As investors analyze which mining shares are most closely linked to gold and which are not, it’s also important that they view the essential technicals of the miners in which they want to invest. Specifically, leveraged mining funds such as the iDirexion Daily Gold Miners ETF (NUGT) and the Proshares Ultra Silver ETF (AGQ) saw substantial rises at the beginning of 2017 due to the revival in precious metals.

However, during the past week, these two funds slumped 17.4% and 8.1%, respectively, due to the drop in precious metals.


Call-implied volatility takes into account the changes in an asset’s price due to variations in the price of its call option. During times of global and economic turbulence, volatility is higher than during a stagnant economy.

On April 28, 2017, the volatilities of Newmont Mining (NEM), Silver Wheaton (SLW), Randgold Resources (GOLD), and Yamana Gold (AUY) were 27.6%, 34.2%, 30.6%, and 47.0%, respectively. A mining company’s volatility is often higher than a precious metal’s volatility.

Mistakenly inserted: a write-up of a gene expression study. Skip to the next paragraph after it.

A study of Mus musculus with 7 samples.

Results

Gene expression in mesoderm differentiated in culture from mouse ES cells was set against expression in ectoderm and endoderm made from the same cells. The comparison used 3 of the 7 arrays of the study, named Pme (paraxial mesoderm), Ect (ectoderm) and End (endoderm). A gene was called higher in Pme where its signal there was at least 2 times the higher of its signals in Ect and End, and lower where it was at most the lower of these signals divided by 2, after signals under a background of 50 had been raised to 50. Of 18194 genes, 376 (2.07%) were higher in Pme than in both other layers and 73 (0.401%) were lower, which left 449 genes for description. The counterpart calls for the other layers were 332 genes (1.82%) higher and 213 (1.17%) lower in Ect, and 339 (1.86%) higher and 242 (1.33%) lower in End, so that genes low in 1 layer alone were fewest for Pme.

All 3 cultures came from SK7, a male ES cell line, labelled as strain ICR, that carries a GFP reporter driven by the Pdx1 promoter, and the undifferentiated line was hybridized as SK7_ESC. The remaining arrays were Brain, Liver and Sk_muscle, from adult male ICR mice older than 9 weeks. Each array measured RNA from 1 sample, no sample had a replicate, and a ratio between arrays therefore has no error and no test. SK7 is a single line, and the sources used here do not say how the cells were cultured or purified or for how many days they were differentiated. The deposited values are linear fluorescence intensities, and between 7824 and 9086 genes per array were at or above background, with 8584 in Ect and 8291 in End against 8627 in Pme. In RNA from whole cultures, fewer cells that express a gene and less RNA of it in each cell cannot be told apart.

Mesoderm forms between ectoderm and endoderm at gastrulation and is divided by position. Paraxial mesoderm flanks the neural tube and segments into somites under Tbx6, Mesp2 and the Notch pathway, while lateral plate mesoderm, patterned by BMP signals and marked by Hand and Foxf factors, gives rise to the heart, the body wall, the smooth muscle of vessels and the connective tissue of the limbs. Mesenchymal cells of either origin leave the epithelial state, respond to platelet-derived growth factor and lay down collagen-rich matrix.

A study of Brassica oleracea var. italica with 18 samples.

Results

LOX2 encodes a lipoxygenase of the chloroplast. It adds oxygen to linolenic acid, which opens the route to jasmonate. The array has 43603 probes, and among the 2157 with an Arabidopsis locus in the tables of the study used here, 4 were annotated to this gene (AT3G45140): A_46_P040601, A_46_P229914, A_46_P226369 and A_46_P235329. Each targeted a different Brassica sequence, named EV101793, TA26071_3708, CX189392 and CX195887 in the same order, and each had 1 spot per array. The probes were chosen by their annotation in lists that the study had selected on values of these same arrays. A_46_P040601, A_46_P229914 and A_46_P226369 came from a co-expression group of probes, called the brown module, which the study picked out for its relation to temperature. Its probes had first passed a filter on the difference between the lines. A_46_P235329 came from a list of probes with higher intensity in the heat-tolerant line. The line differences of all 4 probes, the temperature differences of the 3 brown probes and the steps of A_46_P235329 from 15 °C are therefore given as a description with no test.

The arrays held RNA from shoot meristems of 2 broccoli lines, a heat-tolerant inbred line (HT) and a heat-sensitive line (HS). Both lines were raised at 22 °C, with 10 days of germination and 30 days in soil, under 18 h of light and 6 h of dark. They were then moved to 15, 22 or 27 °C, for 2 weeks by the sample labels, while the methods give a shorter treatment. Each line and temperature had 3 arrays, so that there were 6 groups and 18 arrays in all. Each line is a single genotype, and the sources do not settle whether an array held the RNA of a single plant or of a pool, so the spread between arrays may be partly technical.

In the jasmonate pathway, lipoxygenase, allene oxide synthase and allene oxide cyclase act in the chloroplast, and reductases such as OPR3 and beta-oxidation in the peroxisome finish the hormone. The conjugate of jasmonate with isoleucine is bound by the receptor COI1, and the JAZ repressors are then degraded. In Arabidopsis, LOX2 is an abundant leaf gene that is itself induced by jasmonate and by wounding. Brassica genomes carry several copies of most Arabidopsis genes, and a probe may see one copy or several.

RSI levels

A 14-day RSI above 70 indicates the possibility of downward movement in a stock’s price, whereas a level below 30 shows the possibility of upward movement in a stock’s price. The RSI levels of the four mining giants mentioned above have all risen due to higher stock prices.

Specifically, Newmont Mining, Silver Wheaton, Randgold, and Yamana Gold have RSI levels of 45.5, 37.1, 41.2, and 43.0, respectively. With the falling prices of these mining stocks, the RSI levels of these respective stocks have fallen. Significantly low RSI numbers suggest a possible rise in price.